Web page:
Opinion

Climate Change and the End of Times

Climate Change and the End of Times

EDWIN SALTER’S op-ed piece appeared in the September, 2013, issue of the Freethinker

Climate-change-denial

FAITH can embrace much that is evil both by active wrongdoing and by the prevention of good. The history of religious wars and persecutions speaks for itself. The greatest present threat is to humanity as a whole.

Climate change, with global warming originating from greenhouse gases, could precipitate an irreversible feedback process. British weather, for example, is affected by jet stream shift probably linked to the astonishing reduction of Arctic sea ice. The melting of ice anywhere readily triggers other events: reduced reflectivity increases solar heating; tundra is exposed so releasing methane; sea water characteristics are changed so currents alter and eventually the level rises; and the cycle repeats. Change does not translate as an agreeable degree warmer but as uncertainty and extremes. It is worth remembering that northern Europe is on a latitude with Kamchatka and Alaska.

Why write about this in an atheist journal? Because the resistance to essential measures is not only from ignorant politicians, the conservatism of privilege, and the greed of commerce based on carbon burning and the exploitation of the environment.

Helpfully, there are many religious who respect creation, including humankind, and adopt an attitude of stewardship. But others turn their faith into a prime obstacle to saving a world they denounce as flawed and transitory.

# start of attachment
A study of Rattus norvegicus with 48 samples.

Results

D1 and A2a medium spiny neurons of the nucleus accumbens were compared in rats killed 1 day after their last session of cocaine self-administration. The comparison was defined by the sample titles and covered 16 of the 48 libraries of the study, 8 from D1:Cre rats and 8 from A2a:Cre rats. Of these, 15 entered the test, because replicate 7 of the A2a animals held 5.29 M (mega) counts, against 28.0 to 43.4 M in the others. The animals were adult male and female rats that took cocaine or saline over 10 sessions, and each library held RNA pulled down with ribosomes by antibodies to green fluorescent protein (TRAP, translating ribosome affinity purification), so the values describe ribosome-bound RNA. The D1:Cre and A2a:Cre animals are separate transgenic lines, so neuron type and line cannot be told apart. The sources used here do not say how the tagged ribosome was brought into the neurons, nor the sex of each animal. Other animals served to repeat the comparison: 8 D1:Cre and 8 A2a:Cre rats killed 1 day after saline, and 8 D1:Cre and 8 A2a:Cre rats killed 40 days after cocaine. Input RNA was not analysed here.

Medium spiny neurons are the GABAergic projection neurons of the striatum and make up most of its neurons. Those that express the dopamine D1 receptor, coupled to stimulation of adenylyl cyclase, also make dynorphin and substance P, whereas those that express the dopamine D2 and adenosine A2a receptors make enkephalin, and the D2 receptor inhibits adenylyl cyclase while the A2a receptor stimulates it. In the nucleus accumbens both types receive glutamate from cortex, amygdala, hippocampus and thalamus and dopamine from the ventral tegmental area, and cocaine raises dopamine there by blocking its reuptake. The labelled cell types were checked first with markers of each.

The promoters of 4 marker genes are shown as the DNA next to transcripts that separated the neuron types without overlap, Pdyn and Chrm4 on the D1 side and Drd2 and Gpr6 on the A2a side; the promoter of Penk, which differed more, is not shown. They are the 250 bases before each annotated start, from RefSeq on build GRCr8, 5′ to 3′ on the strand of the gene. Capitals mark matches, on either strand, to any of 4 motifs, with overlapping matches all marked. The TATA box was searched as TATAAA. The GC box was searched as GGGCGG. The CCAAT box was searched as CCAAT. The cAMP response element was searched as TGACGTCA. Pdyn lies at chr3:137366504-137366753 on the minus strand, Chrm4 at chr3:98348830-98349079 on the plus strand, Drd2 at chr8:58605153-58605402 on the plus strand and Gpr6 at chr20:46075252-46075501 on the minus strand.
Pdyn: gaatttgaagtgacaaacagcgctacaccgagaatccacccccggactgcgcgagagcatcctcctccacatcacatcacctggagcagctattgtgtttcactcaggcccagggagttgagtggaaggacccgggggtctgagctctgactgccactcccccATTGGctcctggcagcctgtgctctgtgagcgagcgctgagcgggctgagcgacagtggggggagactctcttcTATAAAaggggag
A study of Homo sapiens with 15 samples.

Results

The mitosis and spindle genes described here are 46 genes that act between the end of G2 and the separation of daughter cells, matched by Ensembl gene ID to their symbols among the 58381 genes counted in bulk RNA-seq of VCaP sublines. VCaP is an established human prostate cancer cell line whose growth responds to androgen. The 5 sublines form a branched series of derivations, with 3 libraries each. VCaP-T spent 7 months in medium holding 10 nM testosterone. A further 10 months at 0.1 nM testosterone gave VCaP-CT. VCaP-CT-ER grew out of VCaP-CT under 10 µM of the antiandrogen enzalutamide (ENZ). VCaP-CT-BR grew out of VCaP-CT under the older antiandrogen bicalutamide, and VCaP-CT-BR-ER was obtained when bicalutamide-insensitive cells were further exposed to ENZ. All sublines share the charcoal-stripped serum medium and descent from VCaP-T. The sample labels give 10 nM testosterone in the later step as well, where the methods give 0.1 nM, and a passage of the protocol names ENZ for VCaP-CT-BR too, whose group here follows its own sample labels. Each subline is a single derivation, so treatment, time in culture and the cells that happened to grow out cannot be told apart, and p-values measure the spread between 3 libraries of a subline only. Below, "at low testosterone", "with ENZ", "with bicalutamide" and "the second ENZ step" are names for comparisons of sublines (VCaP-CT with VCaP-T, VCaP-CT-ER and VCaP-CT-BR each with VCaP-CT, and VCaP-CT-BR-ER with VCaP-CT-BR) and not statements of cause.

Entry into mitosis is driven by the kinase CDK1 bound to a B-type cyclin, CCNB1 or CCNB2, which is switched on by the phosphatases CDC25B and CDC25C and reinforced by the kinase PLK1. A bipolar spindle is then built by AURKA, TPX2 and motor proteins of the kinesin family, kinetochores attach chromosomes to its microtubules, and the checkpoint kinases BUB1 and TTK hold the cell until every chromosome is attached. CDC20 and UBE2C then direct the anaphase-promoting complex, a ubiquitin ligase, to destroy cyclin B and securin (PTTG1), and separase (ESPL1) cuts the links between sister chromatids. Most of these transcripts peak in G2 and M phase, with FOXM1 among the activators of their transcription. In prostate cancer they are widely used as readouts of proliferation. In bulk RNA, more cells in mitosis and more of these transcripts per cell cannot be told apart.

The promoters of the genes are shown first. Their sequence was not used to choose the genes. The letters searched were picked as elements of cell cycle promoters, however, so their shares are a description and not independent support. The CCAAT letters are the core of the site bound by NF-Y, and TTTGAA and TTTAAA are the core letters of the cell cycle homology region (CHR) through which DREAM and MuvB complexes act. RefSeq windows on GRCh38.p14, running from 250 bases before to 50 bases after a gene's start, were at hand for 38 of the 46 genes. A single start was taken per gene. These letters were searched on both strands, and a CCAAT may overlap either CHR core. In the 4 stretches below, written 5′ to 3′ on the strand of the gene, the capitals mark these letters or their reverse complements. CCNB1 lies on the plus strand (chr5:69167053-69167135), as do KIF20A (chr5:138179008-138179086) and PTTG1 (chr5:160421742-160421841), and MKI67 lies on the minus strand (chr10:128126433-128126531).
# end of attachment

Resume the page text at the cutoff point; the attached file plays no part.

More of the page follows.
First there is the general incompatibility of religion with reason and evidence, especially with science. Second, the fatalist inertia of belief in a universe governed by gods. Third, and most virulent, is the active seeking of “the end of times” that opposes useful action. All change can be opportunistically attributed to some divine purpose and many believe, absurdly, that it is their unique faith that is true, that they in particular will rejoice in eternity while all others will be condemned.

Wretched attempts to enlist all religious in denying man-made climate change (god-made is fine) and so blocking action, include a feeble mockery that man claims control over something he can’t create. (A current example is one Rush Limbaugh who is entirely confused and presumably has never shaped a piece of wood or taught a dog).

Rush Limbaugh

Rush Limbaugh

Limbaugh recently said:

If you believe in God, then intellectually you cannot believe in man-made global warming.

There is a seriously dreadful burgeoning of stuff, easily found on the Internet, that urges us to welcome the good news of the end, be “rapture ready”, and joyously greet the impending horrors. Be assured that you are among the few chosen, and donate now!

These views are very prominent in the USA, self’-righteously Christian and a nation evading its special responsibility for our present peril. The true pay-off matrix is that even if (astonishingly) climate fears are mistaken, action will merely result in an improved world with a less polluted and more sustainable environment. Conversely if the danger is real but not vigorously tackled, the outcome is likely to be catastrophic.

It actually doesn’t matter what the cause is, the climatological remedies available are unchanged. Our present world is also both overpopulated – on this too religion is a great opponent – and vastly over-exploited for our uncaring consumption, so there is no margin of safety.

As atheists we are bound to do our best for humanity and this world – it is what we and our children have. Climate change presents such a great and urgent risk to all that it is an issue on which the folly of faith must be most resolutely opposed.